New Era Colorado filed a formal complaint Monday challenging the validity of many of the signatures on an Xcel-backed charter amendment that would require a new debt limit election and place other constraints on a future municipal electric utility.

The complaint alleges that some of the signatures were altered or forged and that paid petition gatherers gave incorrect information to voters about the impact of the charter amendment.

The charter amendment says that voters would have to approve the total debt limit of a municipal utility, that affected customers in unincorporated Boulder County would need to vote in that debt limit election if the city serves outside its boundaries, and that those elections can only occur in odd years.

Members of New Era Colorado observe Steve Fenberg, left, pointing out specific grievances to Boulder City Clerk Alisa Lewis, right, at the Boulder
Members of New Era Colorado observe Steve Fenberg, left, pointing out specific grievances to Boulder City Clerk Alisa Lewis, right, at the Boulder Municipal Building on Monday, July 29, 2013. New Era Colorado filed a formal complaint to contest signatures gathered for the Voter Approval of Debt Limits charter amendment. (Michael Wilson / For the Camera)

Xcel Energy has formed an issue committee to support the charter amendment and polled the language before it was submitted to the city earlier this year.

Steve Fenberg, executive director of New Era Colorado, which has formed an issue committee to oppose the charter amendment, said he hopes the charter amendment is removed from the ballot as a result of the challenge, but that isn't the only reason his group filed the complaint.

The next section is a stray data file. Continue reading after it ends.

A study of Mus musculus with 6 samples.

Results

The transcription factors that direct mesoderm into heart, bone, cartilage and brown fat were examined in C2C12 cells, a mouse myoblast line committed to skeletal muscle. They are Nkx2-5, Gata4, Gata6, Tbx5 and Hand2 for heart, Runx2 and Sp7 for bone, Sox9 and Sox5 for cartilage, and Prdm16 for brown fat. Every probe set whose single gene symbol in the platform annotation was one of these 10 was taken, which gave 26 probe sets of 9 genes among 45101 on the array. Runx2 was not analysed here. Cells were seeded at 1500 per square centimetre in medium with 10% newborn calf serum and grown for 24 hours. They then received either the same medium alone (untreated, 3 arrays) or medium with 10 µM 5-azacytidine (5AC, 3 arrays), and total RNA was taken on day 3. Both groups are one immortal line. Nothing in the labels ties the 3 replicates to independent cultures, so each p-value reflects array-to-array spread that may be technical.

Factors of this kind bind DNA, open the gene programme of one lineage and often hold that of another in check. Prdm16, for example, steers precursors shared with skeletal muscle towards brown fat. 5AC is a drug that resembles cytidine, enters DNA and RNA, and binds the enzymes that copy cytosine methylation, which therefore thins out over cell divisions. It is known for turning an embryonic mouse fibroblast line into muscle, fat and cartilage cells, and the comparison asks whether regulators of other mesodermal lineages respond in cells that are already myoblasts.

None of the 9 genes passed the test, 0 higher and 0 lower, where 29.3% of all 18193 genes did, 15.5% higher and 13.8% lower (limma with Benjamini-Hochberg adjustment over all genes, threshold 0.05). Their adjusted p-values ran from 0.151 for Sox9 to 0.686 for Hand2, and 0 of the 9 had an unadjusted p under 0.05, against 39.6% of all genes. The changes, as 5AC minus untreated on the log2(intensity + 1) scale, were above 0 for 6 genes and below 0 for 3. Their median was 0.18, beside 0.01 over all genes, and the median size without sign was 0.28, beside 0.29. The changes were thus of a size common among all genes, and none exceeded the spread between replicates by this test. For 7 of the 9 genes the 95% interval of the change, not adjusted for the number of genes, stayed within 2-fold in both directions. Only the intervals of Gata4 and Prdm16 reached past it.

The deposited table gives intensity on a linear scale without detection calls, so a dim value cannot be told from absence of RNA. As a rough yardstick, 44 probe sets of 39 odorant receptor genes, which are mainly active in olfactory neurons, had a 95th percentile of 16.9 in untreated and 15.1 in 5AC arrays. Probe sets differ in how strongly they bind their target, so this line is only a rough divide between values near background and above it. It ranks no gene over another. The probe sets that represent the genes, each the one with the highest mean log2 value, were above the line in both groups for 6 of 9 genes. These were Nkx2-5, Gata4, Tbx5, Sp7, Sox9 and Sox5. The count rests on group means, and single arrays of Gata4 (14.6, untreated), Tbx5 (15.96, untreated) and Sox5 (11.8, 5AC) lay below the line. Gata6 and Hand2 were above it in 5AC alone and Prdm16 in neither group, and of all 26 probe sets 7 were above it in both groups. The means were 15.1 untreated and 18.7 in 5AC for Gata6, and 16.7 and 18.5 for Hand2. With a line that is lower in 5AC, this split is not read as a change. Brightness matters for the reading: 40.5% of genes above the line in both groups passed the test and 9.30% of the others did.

"I also want people to understand that this group is not what it claims to be," he said. "The community that is against money in politics should do everything in their power to keep this off the ballot. It's not about people not getting a say. This amendment is very misleading and has the potential to stop municipalization in its tracks."

Katy Atkinson, a spokeswoman for the Voter Approval of Debt Limits group, said the filing from New Era amounts to "sour grapes."

"The city clerk checked and validated 5,100 signatures as good and valid," she said. "I think it's kind of sour grapes on their part. It's very standard for people who don't like a particular ballot measure and don't like people stating their position to argue that people were misled."

The complaint describes a petition circulator telling voters that the vote was on "whether or not to create a municipal utility because the previous year's election was too close" and that the previous vote was "not valid" because it was too close.

Voters in 2011 narrowly approved two measures, one raising the utility occupation tax to pay for the study of municipalization and the other authorizing the City Council to create a utility.

In support of the complaint, New Era submitted a video purporting to show the petition circulator making those comments.

The complaint also alleges that petition circulators altered or forged some lines of the petitions.

Atkinson said it appears that opponents are trying to slow down the process, while organizers of the initiative tried to expedite it by turning in their signatures earlier than required.

"They're trying to get us off the ballot, and it won't work," she said. "If they get us off in 2013, we'll be on in 2015."

City Clerk Alisa Lewis said she will set a hearing date between five and 20 days from the filing of the complaint, and both sides will be able to present testimony. The burden of disproving the validity of the signatures lies with the challenging party.

Lewis will be the hearing officer, as the city clerk. She said she is unlikely to issue a ruling at the hearing, but she will expedite the process as much as possible.

The clerk's office already has verified that enough signatures match with registered voters in Boulder. If necessary, the challenged signatures can be checked against the signatures on file with the Boulder County clerk's office.

The City Council voted to place the measure on the ballot on first reading, a required formality. A second reading is scheduled for Aug. 6.

The City Council also is considering its own charter amendment to compete with the one presented through the initiative process.